The realm of tertiary education in the country is plagued with an unprecedented problem that threatens the very foundation of academic excellence and intellectual growth. It stems from a systemic failure long before students set foot on college campuses–from the elementary and high school classrooms, under the shadow of that controversial policy: “No one left behind.” While the intention behind this policy might have been noble, its implementation gave birth to a generation of students who are ill-equipped for the rigors of higher education.

It’s an alarming reality that many students entering tertiary institutions in the Philippines lack fundamental literacy and comprehension skills. This deficiency is not a result of their shortcomings but rather a flawed educational approach that prioritizes quantity over quality. DepEd’s “no one left behind” mantra, while aiming to promote inclusivity, has inadvertently set students up for failure by advancing them through the ranks regardless of their academic readiness.

As these inadequately prepared students enter tertiary education, they grapple with coursework and materials beyond their comprehension. Professors are left to pick up the pieces, attempting to bridge the chasm between what students should know and what they understand. The burden falls not only on educators but also on the integrity of the entire tertiary education system, which is forced to adapt to accommodate the deficiencies inherited from earlier stages of schooling.

Moreover, the repercussions of DepEd’s policy extend far beyond the confines of academia. In a knowledge-based economy where competitiveness is paramount, a workforce lacking in foundational skills poses a significant threat to national progress and development. The inability to read, comprehend, and analyze critically hampers innovation, stifles productivity, and perpetuates a cycle of mediocrity that undermines the country’s potential for growth.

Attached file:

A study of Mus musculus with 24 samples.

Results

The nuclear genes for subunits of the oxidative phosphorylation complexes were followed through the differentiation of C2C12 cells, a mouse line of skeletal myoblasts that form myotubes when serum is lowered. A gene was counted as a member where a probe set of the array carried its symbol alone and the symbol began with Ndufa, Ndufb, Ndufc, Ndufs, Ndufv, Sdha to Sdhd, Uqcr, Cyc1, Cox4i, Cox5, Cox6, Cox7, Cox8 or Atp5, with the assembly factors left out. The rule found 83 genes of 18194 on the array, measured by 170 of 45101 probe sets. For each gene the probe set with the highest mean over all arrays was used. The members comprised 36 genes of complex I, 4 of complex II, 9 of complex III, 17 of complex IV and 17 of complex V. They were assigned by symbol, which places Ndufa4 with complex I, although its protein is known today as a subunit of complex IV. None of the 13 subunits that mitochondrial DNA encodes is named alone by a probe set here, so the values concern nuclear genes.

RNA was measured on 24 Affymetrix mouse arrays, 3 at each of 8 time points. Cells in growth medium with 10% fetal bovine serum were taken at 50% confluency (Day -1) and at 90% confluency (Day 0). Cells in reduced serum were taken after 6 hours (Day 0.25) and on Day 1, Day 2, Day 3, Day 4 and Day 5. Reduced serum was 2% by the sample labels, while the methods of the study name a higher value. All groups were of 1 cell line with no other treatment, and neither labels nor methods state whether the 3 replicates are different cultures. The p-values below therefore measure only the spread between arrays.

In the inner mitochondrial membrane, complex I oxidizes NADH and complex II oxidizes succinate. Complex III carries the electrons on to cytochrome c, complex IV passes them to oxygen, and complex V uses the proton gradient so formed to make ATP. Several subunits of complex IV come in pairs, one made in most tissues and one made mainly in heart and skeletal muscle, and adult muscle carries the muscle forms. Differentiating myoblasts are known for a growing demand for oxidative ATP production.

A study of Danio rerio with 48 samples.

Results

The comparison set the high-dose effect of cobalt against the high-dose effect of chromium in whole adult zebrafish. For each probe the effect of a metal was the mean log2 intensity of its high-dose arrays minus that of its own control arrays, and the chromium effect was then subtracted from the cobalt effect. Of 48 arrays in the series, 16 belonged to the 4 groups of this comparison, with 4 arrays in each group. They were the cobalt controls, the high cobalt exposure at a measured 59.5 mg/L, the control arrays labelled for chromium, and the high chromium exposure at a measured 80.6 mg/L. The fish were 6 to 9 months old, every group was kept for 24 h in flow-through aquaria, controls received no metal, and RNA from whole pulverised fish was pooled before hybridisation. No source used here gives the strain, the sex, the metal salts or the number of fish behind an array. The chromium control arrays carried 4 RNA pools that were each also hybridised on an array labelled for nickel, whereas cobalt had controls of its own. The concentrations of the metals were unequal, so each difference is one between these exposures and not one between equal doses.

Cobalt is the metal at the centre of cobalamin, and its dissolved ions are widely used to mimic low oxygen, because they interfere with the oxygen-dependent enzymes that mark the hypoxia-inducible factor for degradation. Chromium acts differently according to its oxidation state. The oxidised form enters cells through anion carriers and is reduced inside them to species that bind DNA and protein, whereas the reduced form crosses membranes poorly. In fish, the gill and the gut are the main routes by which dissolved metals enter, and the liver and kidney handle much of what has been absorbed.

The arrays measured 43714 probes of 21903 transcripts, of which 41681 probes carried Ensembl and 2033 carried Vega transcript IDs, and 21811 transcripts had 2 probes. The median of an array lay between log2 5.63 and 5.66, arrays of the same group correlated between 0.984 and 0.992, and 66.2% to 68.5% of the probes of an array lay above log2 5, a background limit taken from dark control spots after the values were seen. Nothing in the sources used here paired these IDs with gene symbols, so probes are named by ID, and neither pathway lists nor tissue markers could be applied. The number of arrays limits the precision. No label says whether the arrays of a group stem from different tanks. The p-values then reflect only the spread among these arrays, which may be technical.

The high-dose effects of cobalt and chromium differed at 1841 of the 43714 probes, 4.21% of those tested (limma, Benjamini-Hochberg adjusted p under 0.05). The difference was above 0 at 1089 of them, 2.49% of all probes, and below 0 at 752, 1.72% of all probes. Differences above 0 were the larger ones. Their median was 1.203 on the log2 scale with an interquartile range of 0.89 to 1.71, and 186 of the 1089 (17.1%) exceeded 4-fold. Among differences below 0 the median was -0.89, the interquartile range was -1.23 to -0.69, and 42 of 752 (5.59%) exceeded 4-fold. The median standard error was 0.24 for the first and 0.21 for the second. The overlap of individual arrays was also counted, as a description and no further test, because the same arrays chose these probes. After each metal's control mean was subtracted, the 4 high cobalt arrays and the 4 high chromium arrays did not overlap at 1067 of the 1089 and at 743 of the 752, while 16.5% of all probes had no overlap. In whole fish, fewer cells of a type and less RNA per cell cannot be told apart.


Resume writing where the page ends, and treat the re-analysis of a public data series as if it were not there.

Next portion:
In essence, DepEd’s “no one left behind” policy, while well-intentioned, has become a hindrance to the very educational advancement it seeks to promote. By neglecting to address the root causes of academic underperformance and instead opting for a superficial solution of mass promotion, the education system has failed both its students and the nation at large. If left unaddressed, this crisis will continue to reverberate through generations, perpetuating a cycle of educational inadequacy and hindering the country’s ability to compete on a global scale.

To mitigate this crisis, urgent reforms are needed at both the policy and implementation levels. DepEd must reassess its approach to student advancement, prioritizing quality education over arbitrary metrics of inclusivity. Additionally, investment in teacher training and support is needed to ensure that educators have the tools and resources necessary to address the diverse needs of their students effectively. Furthermore, collaboration between DepEd and tertiary institutions is essential to bridge the gap between secondary and higher education. This includes the development of remedial programs and support structures to help incoming students acquire the skills they need to succeed academically.

The future of tertiary education in the Philippines hinges on the ability of policymakers, educators, and stakeholders to confront the realities of academic underpreparedness head-on. By dismantling the flawed paradigm of “no one left behind” and embracing a more effective approach to educational advancement, the Philippines can pave the way for a brighter and more prosperous future for generations to come.